Security | Threat Detection | Cyberattacks | DevSecOps | Compliance


PyPi Malware Stealing Discord and Roblox Payment Info

In this livestream we dive into the latest set of malicious packages discovered by the Snyk security research team. We are joined by senior security researcher at Snyk Raul Onitza-Klugman as we also discuss how these findings came to be, what they mean for open source security, and some hypotheses about the future of supply chain security. Didn't catch the live stream? Ask all of your Snyk questions and we’ll do our very best to answer them in the comment section.

Secure Python URL validation

Everything on the internet has a Uniform Resource Locator (URL) that uniquely identifies it — allowing Internet users to gain access to files and other media. For instance, this article has a unique URL that helps search engine optimization (SEO) crawlers index it for users to find. The first definition of the URL syntax is in the 1994 Request for Comments (RFC) 1738. Since then, the structure of URLs has gone through many revisions to improve their security.


Implementing TLS/SSL in Python

Nowadays, we do virtually everything online: book flights, pay for goods, transfer bank funds, message friends, store documents, and so on. Many things we do require giving out sensitive information like our credit card details and banking information. If a website uses an unsecured network, a malicious hacker can easily steal user information. This is why encryption is so important.


Improving code quality with linting in Python

Python is a growing language. As it evolves and expands, so do the number of tools and development strategies available for working with it. One process that’s become increasingly popular is linting — or checking code for potential problems. With linting, errors in our code will be flagged so we can correct unusual programming practices that might result in problems. Linting is performed while the source code is written and before it’s compiled.


Phony PyPi package imitates known developer

Snyk Security Researchers have been using dynamic analysis techniques to unravel the behaviors of obfuscated malicious packages. A recent interesting finding in the Python Package Index (PyPi) attempted to imitate a known open source developer through identity spoofing. Upon further analysis, the team uncovered that the package, raw-tool, was attempting to hide malicious behavior using base64 encoding, reaching out to malicious servers, and executing obfuscated code.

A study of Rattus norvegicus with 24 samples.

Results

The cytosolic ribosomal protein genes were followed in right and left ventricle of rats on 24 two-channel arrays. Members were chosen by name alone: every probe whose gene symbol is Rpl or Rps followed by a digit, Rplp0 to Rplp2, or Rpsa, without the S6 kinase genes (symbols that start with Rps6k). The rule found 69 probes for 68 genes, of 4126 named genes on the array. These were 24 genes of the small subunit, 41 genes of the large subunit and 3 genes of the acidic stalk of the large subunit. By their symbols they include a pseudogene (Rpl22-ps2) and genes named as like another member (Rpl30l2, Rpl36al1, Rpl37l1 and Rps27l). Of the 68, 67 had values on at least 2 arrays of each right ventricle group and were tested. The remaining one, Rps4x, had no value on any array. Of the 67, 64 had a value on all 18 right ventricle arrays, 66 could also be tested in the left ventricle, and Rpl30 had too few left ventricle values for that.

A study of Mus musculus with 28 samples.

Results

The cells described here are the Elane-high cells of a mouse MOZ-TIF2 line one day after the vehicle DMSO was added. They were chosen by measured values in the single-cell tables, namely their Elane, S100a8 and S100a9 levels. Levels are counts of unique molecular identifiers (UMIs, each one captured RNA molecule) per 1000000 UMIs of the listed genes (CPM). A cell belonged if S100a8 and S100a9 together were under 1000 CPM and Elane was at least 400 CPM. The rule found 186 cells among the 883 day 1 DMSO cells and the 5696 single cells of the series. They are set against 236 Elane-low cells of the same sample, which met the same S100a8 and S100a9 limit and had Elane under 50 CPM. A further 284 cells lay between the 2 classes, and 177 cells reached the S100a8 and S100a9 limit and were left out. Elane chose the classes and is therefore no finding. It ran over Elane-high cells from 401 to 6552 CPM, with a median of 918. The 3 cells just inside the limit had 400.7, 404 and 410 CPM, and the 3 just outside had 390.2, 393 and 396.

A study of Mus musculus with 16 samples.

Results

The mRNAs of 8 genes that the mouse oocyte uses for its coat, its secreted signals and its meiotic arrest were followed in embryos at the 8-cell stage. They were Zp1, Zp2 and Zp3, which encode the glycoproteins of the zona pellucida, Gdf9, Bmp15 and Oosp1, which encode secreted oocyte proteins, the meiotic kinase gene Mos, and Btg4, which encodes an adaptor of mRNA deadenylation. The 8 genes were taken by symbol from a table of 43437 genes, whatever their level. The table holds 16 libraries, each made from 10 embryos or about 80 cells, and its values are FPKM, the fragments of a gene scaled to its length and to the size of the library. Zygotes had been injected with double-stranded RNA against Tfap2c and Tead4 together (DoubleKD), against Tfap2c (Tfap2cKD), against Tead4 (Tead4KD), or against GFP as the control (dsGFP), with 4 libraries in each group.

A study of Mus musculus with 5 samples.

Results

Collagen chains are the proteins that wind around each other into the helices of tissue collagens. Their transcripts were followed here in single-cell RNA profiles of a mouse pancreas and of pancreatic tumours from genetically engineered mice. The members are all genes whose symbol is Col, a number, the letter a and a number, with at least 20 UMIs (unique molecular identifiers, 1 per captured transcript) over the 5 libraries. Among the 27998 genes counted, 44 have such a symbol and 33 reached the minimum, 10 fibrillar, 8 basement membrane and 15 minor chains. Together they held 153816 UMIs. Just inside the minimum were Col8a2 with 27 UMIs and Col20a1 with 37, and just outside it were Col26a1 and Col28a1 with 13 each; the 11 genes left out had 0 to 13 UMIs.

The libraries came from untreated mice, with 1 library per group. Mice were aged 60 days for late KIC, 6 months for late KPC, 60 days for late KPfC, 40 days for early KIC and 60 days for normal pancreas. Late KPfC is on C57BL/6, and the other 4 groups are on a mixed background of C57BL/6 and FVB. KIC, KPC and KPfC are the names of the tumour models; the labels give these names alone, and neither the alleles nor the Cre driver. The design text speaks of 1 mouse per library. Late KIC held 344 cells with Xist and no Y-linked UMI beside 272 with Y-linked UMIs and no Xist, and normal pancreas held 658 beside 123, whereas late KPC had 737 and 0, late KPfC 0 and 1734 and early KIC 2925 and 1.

The dangers of assert in Python

There are many ways to find bugs in Python code: the built-in debugger (pdb), a healthy amount of unit tests, a debugger in an IDE like Pycharm or Visual Studio, try/catch statements, if/else statements, assert statements, or the tried and true practice of covering every inch of your codebase in print() statements like it’s going out of style. Assert statements can help us catch bugs quickly and are far less intrusive than copious amounts of print statements.


How to build a secure WebSocket server in Python

Typically, when a web app needs something from an external server, the client sends a request to that server, the server responds, and the connection is subsequently closed. Consider a web app that shows stock prices. The client must repeatedly request updated prices from the server to provide the latest prices.


Detecting Poisoned Python Packages: CTX and PHPass

The software supply chain remains a weak link for an attacker to exploit and gain access to an organization. According to a report in 2021, supply chain attacks increased by 650%, and some of the attacks have received a lot of limelight, such as SUNBURST in 2020 and Dependency Confusion in 2021.